A party bus parked on North Orleans Street.

A party bus parked on North Orleans Street. | Sun-Times file photo

Thirty-two more citations and two more “cease and desist” orders were issued last weekend to party bus operators accused of violating year-old rules aimed at reining in rowdyism and violence.

But City Hall isn’t done trying to prevent those buses from becoming what one alderman once described as “rolling cemeteries.”

The Department of Business Affairs and Consumer Protection has hammered out an intergovernmental agreement with the Illinois Secretary of State’s office aimed at bolstering the city’s capacity to crack the whip against illegal and irresponsible party bus operators.

The agreement will empower 10 city investigators instead of the current five to look up vehicle licenses plates, vehicle identification numbers and drivers license numbers maintained by Illinois Secretary of State Jesse White in “real time.”

Enforcement will be further enhanced by giving those 10 designated city investigators expanded access to so-called “driver abstracts.”

Abstracts are a three-year record of all moving violation convictions, accident involvement reports and other actions that trigger drivers license “suspensions, revocations or other disqualifications.”

That will allow city investigators to determine whether party bus operators have a valid commercial drivers license passenger endorsement, which is required to operate a party bus.

The intergovernmental agreement will also create a Party Bus Safety Task Force with representatives from the Chicago Police Department, the Secretary of State’s Office, the Illinois  Department of Transportation and the Illinois State Police.

The task force will meet twice a year — and more frequently when problems occur — to identify legal loopholes and share enforcement information about party bus operators licensed in suburbs or out of state, but causing problems in Chicago.

Business Affairs and Consumer Protection Commissioner Rosa Escareno recalled the March 2017 shooting that triggered the latest in a string of city crackdowns against party bus operators.

An argument aboard an illegal suburban party bus that stopped at a Dunkin’ Donuts in Edgewater turned into an exchange of gunfire that killed a 28-year-old man and injured two others.

• Police: Man shot himself, 2 others on party bus on North Side
• 2 killed, 1 wounded in Edgewater shooting
• 41 violations issued to party bus operators in summer crackdown: city
• Party’s over: 17 Chicago party bus firms ordered to cease and desist

“The goal here is tackling illegal problem operators coming into the city from outside the city. … It’s gonna be stronger … if we can call the State Police and say, can you do something about this guy?’ “ Escareno said.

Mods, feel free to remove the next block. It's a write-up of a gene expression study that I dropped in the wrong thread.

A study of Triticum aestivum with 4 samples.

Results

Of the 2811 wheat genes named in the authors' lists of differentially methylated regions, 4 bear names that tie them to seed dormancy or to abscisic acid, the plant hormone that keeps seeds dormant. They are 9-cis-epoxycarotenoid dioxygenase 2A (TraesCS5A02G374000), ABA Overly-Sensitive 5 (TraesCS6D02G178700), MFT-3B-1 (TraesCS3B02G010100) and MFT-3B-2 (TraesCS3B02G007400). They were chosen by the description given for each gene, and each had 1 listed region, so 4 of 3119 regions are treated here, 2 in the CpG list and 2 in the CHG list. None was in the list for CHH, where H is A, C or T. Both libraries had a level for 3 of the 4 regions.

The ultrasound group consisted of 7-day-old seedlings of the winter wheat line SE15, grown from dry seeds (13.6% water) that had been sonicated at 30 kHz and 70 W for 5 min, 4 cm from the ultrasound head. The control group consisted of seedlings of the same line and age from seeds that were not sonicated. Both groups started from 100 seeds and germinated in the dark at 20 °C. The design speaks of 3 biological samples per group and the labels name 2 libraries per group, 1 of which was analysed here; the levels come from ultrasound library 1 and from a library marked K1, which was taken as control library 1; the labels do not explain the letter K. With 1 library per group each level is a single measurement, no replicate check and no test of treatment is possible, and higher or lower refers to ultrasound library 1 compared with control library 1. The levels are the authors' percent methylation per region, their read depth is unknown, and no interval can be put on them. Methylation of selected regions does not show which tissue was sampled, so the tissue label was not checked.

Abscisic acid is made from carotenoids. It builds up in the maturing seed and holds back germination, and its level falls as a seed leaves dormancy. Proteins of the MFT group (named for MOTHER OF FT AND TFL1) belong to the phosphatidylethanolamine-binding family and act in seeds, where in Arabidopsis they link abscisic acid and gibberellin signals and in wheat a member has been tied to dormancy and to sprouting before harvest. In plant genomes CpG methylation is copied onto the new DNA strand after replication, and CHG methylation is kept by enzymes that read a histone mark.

“We’ll issue a cease-and-desist [order]. But he’s still operating in the suburbs. You guys need to take care of him out there. If they fix it out in the suburbs, guess what? We’re also addressing it here in the city.”

Escareno said she’s been testing a “night team” operating in conjunction with the Chicago Police Department to enforce party bus regulations.

But that night team won’t become permanent until access to driver and vehicle information is expanded from five city investigators to 10.

“It’s sensitive information. They don’t easily allow more individuals to have this access. What we have asked the Secretary of State is, `Let’s go above and beyond what we’ve been doing. Can you give me [access] for five more individuals?’ ” Escareno said. “If a driver has a license, but we don’t know the system actually suspended him, now we can actually check the system and have more resources on the street to verify records for the owner of the vehicle as well as the driver.”

Last year, the City Council moved to require party buses that carry at least 15 people drinking on board or making multiple bar stops to install security cameras or hire more security personnel.

Mayor Rahm Emanuel’s ordinance also gave operators the option of ending a trip at a destination, instead of returning to the point of origin, when an unruly passenger refuses to get off the bus. Problem buses were also hit with a 10-fold increase in fines.

Operators were further required to install “clearly identifiable signage” on licensed “large charter/sightseeing” vehicles to make it easier for Chicago Police officers to identify and shut down party buses operating without licenses.

In the year since the ordinance took effect, the city has issued 260 tickets, issued 36 cease-and-desist-orders and levied $130,650 in fines.

Shootings have declined dramatically — from six in 2016 to three last year and one shooting through June 1 of this year.

“Criminals have gotten the message: If you’re gonna be roaming around on a party bus, guess what? We’re gonna stop you,” Escareno said.